There’s no truth to the rumor that the retirement of an announcer is marked by a moment of silence, but maybe there ought to be.

Racetrack announcers provide the soundtrack of our racing lives, and they serve as an amalgam of what in most sports are two different jobs: play-by-play and public address. In the former role, they call the races, and the best of them do it with a touch of verve and humor that enhances the product. In the latter, they tick off all the particulars of a day at the races: scratches and changes, winners and payouts, wagers and carryovers.

In 2020 the Mid-Atlantic saw two of its longest-tenured announcers retire. Delaware Park’s John Curran left after 37 years at the close of that meet in October, and on December 30, Keith Jones closed the books on his 34-year career at Parx Racing.

While Delaware has announced already that Joshua Brown will take over for Curran for the meet likely to begin in May, Parx has not yet named its replacement though opening day of the 2021 meet is January 4.

These sorts of retirements always feel a little strange. When star athletes step away, they are feted with gifts and speeches. If they’re good enough, and famous enough, they even are celebrated on the road.

But horse racing is different. Most horses, jockeys, trainers slip away without a word. Often we don’t even know they’re gone, until someone muses, “I wonder whatever happened to…”

Announcers, on the other hand, aren’t so easy to disappear, and there’s a bittersweet feeling when they leave. Three decades is a long time in a job, even one that for many is a dream job.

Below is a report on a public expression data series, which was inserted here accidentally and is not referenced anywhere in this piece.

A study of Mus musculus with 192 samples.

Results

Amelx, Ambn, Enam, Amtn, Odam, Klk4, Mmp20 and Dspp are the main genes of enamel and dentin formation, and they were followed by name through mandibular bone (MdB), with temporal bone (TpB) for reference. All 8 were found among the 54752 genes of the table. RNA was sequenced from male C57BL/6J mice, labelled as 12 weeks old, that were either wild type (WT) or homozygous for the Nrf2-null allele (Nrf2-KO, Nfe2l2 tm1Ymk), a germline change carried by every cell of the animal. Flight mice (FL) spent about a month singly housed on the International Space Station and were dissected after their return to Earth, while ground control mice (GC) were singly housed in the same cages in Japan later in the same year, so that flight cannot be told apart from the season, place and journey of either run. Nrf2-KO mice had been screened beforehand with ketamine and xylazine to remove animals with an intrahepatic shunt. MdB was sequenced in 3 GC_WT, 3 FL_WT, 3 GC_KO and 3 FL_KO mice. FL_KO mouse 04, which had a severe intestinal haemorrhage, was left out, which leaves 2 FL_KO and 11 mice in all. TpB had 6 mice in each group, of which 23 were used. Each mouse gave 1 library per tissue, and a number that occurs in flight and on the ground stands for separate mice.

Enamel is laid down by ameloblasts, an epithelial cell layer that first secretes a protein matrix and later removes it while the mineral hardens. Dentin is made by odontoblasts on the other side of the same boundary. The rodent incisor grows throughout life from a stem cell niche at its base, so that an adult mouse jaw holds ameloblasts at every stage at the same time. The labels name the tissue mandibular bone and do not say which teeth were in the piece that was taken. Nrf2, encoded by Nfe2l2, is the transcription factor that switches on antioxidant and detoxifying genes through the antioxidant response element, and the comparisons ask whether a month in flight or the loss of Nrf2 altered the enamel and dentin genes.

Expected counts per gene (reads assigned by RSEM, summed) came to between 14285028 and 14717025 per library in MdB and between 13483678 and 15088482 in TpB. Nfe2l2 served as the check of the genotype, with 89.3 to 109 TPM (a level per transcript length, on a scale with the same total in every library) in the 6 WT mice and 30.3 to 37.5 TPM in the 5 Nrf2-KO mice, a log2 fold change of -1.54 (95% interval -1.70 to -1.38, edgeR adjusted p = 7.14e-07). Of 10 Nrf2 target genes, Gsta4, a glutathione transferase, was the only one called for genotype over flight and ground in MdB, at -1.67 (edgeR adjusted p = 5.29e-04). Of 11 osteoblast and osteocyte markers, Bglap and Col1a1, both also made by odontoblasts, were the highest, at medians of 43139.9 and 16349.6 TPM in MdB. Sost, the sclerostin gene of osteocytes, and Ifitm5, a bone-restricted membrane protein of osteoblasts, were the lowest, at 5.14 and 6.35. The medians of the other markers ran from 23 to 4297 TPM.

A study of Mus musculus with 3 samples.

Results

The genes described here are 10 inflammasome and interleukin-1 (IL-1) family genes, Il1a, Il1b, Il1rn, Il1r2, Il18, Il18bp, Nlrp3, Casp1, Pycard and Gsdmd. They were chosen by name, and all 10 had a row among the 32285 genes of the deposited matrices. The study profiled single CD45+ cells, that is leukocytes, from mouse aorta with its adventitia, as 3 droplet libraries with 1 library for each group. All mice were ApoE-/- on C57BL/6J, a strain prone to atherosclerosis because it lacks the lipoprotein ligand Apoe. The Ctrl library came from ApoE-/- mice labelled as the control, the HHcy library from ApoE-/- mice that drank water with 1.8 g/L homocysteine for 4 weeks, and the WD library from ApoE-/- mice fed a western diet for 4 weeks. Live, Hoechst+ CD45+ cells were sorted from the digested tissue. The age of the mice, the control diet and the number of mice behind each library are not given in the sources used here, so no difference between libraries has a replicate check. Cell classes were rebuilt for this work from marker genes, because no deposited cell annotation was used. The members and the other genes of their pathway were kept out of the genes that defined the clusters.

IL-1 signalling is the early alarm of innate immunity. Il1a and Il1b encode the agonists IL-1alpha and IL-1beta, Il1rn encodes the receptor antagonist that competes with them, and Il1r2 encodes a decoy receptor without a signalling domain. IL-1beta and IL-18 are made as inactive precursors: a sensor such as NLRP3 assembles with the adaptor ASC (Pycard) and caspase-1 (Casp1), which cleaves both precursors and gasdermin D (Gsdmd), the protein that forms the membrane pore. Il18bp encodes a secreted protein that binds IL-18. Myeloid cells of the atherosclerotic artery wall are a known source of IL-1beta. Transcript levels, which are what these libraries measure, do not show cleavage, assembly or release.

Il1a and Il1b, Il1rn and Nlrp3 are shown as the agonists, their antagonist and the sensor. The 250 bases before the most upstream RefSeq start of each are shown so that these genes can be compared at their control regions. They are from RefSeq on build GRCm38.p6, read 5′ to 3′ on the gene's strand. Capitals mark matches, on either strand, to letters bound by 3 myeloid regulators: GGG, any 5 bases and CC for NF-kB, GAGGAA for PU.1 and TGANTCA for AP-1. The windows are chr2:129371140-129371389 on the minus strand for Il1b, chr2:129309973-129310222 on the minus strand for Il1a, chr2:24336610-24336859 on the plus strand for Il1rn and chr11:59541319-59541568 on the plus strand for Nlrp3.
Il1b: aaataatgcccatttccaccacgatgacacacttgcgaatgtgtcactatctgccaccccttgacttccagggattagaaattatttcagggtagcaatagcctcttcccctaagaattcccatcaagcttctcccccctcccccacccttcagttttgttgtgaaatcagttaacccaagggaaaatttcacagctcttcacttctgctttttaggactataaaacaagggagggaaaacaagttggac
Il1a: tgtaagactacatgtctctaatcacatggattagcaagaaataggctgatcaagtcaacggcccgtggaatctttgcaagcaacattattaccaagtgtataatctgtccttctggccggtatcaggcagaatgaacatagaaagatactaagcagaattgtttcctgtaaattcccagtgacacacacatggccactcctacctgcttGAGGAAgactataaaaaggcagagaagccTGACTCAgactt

So while the tracks approached the challenge slightly differently, each gave its retiring racecaller the last word.

Earlier in the card, Curran was celebrated with the “Tribute to John Curran” race, prior to which he made a brief statement of thanks and following which he received a memento of his time in Delaware from Delaware racing chief John Mooney.

Curran finished his career in the same straightforward way he’d always called races.

“That concludes our 2020 meet here at Delaware Park and my 37-year career” Curran said after the finale. “And it’s been a pleasure.”

Jones got something of a trifecta in his final race. First, he counted the race, and his career, down together.

“Thirty-four years and now only four furlongs to go… now only two furlongs to go… now only one furlong to go,” he intoned as the race neared its conclusion.

One last time he was able to use a go-to phrase for an easy winner. “Unbridledadventure will visit ‘Romp City’ today,” he called.

And finally, his signature sign-off: “Thank you, and good night.”

Which, when you think about it, is perhaps, for both men, about as good a send-off as you could hope for: the last word, one last time.